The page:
WAR is declared by health supremo Stephen Dorrell on the NHS's army of bureaucrats - as he promises to axe up to 5,000 administrative jobs over the next 12 months.

"More white coats and fewer grey suits" is his catchy slogan for purge on the pen-pushers.

Fine. We do not complain - not when the savings are promised to go to patient care.

But whatever benefits may ensue, it is impossible to overlook the political gimmickry behind this crackdown.

For the boom in bureaucracy is not really down to grey-suited empire building that, as part of the show, Mr Dorrell now waves a knife at, but to the government's own health service reforms built around the creation of an internal market in the NHS.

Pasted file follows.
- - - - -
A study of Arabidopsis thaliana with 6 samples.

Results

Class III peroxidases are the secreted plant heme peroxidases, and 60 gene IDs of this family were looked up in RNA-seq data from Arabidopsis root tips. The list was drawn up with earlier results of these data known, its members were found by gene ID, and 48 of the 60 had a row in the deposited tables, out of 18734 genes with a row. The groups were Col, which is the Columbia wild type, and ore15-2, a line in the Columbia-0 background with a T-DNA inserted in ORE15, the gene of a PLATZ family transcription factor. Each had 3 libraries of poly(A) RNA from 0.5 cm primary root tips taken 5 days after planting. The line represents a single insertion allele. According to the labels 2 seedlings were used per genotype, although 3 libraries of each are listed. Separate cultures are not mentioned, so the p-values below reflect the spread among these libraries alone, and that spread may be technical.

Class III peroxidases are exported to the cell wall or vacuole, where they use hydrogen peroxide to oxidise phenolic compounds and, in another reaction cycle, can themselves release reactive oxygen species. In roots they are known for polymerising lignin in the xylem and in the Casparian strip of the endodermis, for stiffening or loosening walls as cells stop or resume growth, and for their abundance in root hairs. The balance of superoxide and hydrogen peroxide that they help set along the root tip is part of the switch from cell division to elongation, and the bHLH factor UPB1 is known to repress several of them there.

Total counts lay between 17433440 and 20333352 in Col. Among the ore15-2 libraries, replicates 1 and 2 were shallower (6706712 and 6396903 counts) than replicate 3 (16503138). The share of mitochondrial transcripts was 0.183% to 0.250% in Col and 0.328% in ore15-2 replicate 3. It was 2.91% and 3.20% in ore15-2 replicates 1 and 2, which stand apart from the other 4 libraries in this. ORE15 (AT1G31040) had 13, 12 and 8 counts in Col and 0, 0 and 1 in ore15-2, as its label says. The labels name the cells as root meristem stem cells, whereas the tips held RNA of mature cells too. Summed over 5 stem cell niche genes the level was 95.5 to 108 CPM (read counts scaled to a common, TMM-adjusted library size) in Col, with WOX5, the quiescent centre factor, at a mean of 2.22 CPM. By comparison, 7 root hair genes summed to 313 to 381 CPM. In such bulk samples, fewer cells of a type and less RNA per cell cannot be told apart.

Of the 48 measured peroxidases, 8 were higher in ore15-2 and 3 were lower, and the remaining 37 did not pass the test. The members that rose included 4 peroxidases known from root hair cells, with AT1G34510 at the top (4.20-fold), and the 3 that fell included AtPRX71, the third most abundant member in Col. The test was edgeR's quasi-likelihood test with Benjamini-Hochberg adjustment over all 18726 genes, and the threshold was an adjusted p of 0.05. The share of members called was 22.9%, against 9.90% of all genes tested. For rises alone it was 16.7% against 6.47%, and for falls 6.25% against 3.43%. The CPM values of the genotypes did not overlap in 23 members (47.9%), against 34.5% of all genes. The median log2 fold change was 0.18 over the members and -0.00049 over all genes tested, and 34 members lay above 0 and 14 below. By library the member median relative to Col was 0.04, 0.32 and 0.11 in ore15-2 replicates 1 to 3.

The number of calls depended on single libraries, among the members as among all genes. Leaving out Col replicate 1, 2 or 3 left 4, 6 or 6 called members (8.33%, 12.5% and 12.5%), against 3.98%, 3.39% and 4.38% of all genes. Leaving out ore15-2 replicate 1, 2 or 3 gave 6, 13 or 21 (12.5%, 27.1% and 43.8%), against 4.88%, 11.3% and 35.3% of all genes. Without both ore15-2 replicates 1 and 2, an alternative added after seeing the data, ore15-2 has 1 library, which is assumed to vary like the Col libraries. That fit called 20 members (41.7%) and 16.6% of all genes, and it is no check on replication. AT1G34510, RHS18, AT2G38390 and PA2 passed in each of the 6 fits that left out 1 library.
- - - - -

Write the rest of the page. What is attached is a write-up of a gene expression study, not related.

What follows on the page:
If you create a system involving the itemising and costing of treatment and the exchange of contracts and money between the service's providers and purchasers, you also need people to run it.

Lots of them.

As long as two years ago, it was revealed that the first three years of the reforms had seen 30,000 new managers and clerks recruited to the NHS - and 26,000 fewer nurses.

It may be, as some suggest, that the NHS is generally well-managed, with its administration costs comparing favourably with those of private sector business.

But this does not satisfactorily explain the four-to-five fold variations in how much health trusts spend on management.

Quite rightly, then, surgery is necessary where the increases in management have been evidently excessive.

Nonetheless, the impression remains that this sudden war on wastefulness needs to be qualified by the inescapable fact that much of the NHS's extra bureaucracy was created by the government itself - and in the name of greater efficiency.